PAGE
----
In the St. Louis area, and probably in your part of the country as well, there is something called the Adopt-A-Roadway program. Private individuals, firms, and organizations "adopt" a section of road or highway, and periodically clean up litter from the roadside. You might think, at first blush, that the purpose of the program was to keep the right-of-way tidy and neat, but not primarily. According to the St. Louis County Highways and Traffic website, the objectives of the program are: "to create public awareness of the environmental problems and the cost of unsightly littering along County roadways," and, secondly, "to improve the appearance of our neighborhoods." Neighborhoods? Hiway 40 is a "neighborhood?" Well, never mind. The great domestic political movement of the present era is environmentalism, so a program to con some citizens into cleaning up the highway might stand a better chance if it’s linked to the environment, somehow.
But who owns the roads and highways? Some government entity, of course. Why, the roads of this great nation are too important to entrust to venal private owners! It’s odd, then, that the government recruits private individuals to police its own property. Of course, those private individuals can’t simply clean the roads from time to time, when they seem to need it. No, a schedule must be followed, and the cleaners must follow the rules set forth by the state or municipality. It’s all well and good for private individuals or groups to do the government’s work, mucking about the roads picking up trash; but they certainly can’t be allowed to do it any old way! I mean — if I had dinner guests who offered to wash up after the meal, I’d be good enough to let them do it, but only after they agreed to my procedural guidelines, and followed my rules. I may be kind-hearted and generous, but I’m not an utter fool!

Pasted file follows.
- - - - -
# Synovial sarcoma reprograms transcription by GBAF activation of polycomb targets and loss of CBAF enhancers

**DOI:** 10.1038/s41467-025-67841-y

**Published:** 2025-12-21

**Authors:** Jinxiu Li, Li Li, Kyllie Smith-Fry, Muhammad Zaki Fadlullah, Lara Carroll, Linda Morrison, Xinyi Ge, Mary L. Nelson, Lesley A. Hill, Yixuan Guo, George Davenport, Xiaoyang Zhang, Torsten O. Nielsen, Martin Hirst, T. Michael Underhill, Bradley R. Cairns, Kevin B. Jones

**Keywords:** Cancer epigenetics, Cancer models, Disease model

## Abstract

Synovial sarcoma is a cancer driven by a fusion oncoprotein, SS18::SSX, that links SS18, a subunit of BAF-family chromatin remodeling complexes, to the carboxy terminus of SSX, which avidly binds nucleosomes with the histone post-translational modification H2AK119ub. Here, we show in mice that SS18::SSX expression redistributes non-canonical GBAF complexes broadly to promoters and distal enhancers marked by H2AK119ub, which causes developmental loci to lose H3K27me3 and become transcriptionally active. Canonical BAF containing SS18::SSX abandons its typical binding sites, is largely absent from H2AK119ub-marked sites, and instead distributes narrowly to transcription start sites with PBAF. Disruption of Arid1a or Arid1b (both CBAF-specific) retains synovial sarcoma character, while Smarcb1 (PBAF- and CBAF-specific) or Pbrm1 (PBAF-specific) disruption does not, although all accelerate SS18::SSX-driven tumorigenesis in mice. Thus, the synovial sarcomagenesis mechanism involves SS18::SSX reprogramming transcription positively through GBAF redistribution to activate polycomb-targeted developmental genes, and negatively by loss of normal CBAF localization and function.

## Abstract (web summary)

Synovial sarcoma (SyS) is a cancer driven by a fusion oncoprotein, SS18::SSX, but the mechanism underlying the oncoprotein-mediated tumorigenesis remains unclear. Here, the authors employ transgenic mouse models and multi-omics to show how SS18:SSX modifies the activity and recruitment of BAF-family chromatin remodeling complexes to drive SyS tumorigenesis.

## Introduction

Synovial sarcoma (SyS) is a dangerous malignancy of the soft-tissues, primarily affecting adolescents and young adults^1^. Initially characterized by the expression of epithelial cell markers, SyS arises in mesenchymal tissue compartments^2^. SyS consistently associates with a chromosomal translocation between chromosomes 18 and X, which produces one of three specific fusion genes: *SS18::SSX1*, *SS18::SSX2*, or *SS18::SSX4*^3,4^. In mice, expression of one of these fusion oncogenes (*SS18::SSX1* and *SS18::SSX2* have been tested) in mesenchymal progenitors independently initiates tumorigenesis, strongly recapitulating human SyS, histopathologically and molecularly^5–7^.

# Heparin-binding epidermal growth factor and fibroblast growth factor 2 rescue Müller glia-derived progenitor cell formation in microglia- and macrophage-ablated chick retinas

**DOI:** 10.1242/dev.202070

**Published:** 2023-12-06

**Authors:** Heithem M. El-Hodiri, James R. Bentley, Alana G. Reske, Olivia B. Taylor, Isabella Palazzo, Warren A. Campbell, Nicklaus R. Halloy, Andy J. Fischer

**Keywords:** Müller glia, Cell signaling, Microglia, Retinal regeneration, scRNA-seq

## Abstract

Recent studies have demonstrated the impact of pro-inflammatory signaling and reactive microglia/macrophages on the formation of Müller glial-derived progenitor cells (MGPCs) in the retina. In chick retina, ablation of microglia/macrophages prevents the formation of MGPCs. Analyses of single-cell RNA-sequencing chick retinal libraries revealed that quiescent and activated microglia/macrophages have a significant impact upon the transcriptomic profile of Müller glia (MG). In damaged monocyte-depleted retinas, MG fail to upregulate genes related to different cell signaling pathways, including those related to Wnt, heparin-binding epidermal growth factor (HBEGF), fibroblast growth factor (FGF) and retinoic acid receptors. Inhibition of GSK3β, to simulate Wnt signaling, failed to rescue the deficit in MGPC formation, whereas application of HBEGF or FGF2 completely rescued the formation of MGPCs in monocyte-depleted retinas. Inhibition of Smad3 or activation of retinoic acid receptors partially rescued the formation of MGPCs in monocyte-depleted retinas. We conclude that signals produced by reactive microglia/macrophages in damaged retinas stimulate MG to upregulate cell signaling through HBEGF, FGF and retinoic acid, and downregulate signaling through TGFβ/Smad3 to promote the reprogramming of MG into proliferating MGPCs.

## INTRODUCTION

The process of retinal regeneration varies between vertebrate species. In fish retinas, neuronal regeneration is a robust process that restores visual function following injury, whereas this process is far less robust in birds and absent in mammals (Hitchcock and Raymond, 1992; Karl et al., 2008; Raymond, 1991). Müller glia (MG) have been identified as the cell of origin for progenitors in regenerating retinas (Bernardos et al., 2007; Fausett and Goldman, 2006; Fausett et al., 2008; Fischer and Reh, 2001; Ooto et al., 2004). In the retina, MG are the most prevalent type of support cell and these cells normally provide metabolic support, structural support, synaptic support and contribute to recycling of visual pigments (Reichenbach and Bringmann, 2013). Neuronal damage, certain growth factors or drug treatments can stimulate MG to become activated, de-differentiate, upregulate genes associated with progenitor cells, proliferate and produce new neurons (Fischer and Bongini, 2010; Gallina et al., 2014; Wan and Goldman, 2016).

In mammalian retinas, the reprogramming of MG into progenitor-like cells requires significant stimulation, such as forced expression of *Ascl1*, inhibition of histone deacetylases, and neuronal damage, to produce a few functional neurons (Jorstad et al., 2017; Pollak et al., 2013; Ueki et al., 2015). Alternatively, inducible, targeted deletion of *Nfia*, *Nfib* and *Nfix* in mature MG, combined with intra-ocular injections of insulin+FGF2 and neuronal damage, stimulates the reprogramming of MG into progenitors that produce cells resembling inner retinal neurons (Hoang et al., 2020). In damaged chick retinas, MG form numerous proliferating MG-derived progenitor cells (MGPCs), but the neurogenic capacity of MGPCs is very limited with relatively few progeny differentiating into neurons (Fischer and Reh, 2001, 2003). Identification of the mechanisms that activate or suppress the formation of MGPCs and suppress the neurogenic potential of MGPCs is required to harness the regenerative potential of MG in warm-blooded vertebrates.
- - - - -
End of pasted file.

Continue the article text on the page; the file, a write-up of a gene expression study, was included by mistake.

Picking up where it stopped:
Anyone visiting St. Louis will likely spend some time in Forest Park. It’s one of the country’s largest municipal parks, and at nearly 1300 acres, it’s about 500 acres larger than Central Park in New York. It was the site of the 1904 World’s Fair and Olympic games, and contains, today, the Art Museum, Natural History Museum, Muny Opera, Zoo, several lakes, boathouses, jogging trails, an ice-skating rink, golf course, cricket ground, handball and tennis courts, a magnificent greenhouse (The Jewel Box) and ball fields. And, until fairly recently, it was falling apart — if a park can do that. Though an undoubted jewel, and a prime asset of the City, it was not maintained. Roads were in terrible shape, buildings in poor repair, fountains inoperative, and decay was everywhere. Again, private citizens to the rescue. They formed an organization called Forest Park Forever, and raised about 50 million to help restore the park. The city did its part, or at least its usual thing: it provided about 56 million — by selling bonds. These are being repaid by a half-cent increase in the city’s sales tax. In other words, a valuable government asset is being rescued, once again, by private efforts when government can’t do the job. And what government does contribute is obtained via coercion, as opposed to the voluntary donations provided by Forest Park Forever.
I’m not aware of any suggestion that the city sell the park to a private group like Forest Park Forever. Good heavens, No!! It’s the city’s crown jewel. Of course, the city can’t or won’t maintain or improve it, but why should it? If things get bad enough, some private individuals will come forward to save the city fathers’ bacon. And those elected worthies can generously contribute, by forcing others to pay their share.
Would any government consider selling the roads under its jurisdiction? Good grief — Never!! Of course, the roads are littered with trash and potholes, but never mind. When conditions have deteriorated sufficiently, some civic-minded individuals will come forward and save the day.
Is it simply that the state hasn’t the money? Not according to its own publication of the Comprehensive Annual Financial Report, which shows that, for many years now, the state’s annual surplus of revenue over expenditures came to about two billion yearly. But why spend it when you can con volunteers into doing your job?
But what, one wonders, IS the government’s job? If it cannot maintain its own property — roads or parks — without private help, what can it do? Don’t ask.